When seeking a salary increase, it’s crucial to approach your employer prepared. Going into the negotiation without adequate knowledge and research may lead to an unfavorable outcome. Understanding the market value of your position, quantifying your impact on the company, and defining your desired terms are all key elements for a successful negotiation.

Consider your timing.

πŸ”΄ Does your company have a salary review process? If so, this should guide you on what steps to take and whether you would be considered for a raise yet.

πŸ”΄ Has the company made recent redundancies or budget cuts, perhaps you know that sales have taken a dip recently? If so, now is probably not the right time to ask but you can prepare for when it is.

πŸ”΄ Likewise, if the company is on a hiring spree or has recently made promotions – this may be a sign that they could have the budget for salary increases.

Understand your value.

To negotiate a pay rise from a strong position, you must be able to demonstrate your contribution to the success of the company. Note down:

πŸ”΄ Key achievements and how they have benefited the business.

πŸ”΄ Recent training or qualifications you have completed.

πŸ”΄ Responsibilities you have taken on outside your normal role.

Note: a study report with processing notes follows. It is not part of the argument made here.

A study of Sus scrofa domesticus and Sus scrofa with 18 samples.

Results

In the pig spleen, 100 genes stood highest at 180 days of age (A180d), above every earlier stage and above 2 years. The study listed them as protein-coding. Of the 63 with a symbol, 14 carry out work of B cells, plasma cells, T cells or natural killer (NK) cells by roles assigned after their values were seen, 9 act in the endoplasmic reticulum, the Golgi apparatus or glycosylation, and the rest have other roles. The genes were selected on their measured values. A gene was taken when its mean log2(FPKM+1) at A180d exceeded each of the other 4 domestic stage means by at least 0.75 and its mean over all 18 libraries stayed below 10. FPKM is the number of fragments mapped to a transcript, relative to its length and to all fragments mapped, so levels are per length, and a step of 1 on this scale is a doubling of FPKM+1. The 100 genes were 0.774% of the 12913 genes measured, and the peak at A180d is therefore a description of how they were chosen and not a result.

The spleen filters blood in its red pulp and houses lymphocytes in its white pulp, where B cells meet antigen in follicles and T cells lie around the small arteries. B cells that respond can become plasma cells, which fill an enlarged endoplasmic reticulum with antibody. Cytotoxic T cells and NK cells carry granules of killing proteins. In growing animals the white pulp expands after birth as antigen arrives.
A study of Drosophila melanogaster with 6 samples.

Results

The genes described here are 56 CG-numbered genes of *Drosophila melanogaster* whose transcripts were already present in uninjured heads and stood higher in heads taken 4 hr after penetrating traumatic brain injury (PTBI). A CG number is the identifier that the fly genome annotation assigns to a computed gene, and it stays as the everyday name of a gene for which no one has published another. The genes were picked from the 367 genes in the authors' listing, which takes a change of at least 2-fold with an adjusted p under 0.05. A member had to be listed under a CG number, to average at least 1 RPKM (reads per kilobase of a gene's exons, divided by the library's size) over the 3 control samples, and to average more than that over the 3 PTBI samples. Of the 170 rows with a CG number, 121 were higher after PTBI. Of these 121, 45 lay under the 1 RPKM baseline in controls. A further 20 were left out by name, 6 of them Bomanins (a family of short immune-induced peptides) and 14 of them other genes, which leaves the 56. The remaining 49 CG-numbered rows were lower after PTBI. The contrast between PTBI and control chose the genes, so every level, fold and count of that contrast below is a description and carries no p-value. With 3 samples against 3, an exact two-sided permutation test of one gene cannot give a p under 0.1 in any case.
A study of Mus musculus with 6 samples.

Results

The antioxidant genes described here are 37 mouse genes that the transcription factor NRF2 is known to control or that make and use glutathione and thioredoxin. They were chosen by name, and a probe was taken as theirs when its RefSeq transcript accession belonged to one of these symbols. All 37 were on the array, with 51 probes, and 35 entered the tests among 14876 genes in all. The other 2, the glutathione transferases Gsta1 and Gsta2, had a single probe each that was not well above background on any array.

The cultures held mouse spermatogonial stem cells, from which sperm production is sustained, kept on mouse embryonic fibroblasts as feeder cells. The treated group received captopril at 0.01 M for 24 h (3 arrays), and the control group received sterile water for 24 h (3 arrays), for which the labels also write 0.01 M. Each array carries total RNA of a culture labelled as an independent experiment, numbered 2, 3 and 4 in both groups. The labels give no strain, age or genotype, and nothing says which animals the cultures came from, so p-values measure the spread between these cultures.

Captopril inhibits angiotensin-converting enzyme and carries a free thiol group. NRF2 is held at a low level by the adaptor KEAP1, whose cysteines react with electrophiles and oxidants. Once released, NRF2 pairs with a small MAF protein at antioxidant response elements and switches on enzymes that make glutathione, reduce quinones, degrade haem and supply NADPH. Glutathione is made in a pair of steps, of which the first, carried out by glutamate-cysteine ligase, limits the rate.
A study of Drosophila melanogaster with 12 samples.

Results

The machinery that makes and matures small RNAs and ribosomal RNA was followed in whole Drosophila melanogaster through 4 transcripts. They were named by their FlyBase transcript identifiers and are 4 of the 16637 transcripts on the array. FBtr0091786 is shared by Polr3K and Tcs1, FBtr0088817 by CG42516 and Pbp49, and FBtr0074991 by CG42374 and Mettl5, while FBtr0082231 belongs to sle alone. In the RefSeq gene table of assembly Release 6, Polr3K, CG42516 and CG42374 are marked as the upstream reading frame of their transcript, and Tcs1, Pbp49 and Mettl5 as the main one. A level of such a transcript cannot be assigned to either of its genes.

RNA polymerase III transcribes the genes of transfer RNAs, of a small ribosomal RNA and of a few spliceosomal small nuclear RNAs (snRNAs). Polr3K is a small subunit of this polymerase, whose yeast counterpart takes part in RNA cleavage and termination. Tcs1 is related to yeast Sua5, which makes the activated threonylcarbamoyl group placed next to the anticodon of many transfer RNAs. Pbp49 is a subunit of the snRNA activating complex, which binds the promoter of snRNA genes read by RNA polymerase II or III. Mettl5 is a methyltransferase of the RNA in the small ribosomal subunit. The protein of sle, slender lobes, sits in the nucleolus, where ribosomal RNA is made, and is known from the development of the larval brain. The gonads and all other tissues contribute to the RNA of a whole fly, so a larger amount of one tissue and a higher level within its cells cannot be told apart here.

πŸ”΄ Ways in which you have demonstrated initiative, bought the company new business or saved costs.

If you’ve failed to deliver something or perform as expected in the months before your request, you may be on the back foot before you begin. It’s also important to understand that an increase rarely comes without extra responsibilities or targets – be prepared as to whether you can or would want to take these on.

Do your research.

πŸ”΄ Discuss with trusted industry peers, friends, or family who work in the same sector or role.

πŸ”΄ Research current job opportunities that have salaries listed online.

πŸ”΄ Have a confidential chat with a specialist recruiter in your field for salary benchmarks.

πŸ”΄ Take a look at current salary reports for your sector.

πŸ”΄ Try to find out what benefits your competitors offer – for example, you may get an extra 3% elsewhere but they might not offer other perks you currently get.

Keep it professional.

An employer won’t take your financial situation into account –Β  your salary review should purely be about the value of your contribution to the organisation you work for not your personal expenses.

Consider the full package and think about alternative benefits.

There are many ways businesses reward staff beyond salary, so it’s important to weigh these up in case the negotiations don’t go as you wanted. If you can’t get a monetary increase, have in mind something else that will benefit you, such as:

πŸ”΄ Additional bonuses or higher % commission.

πŸ”΄ Flexible working hours.

πŸ”΄ Higher leave allowance.

πŸ”΄ Job title change.

πŸ”΄ More comprehensive medical insurance or coverage for family members.

πŸ”΄ Allowance for training.

πŸ”΄ Car, Petrol, or Travel allowance.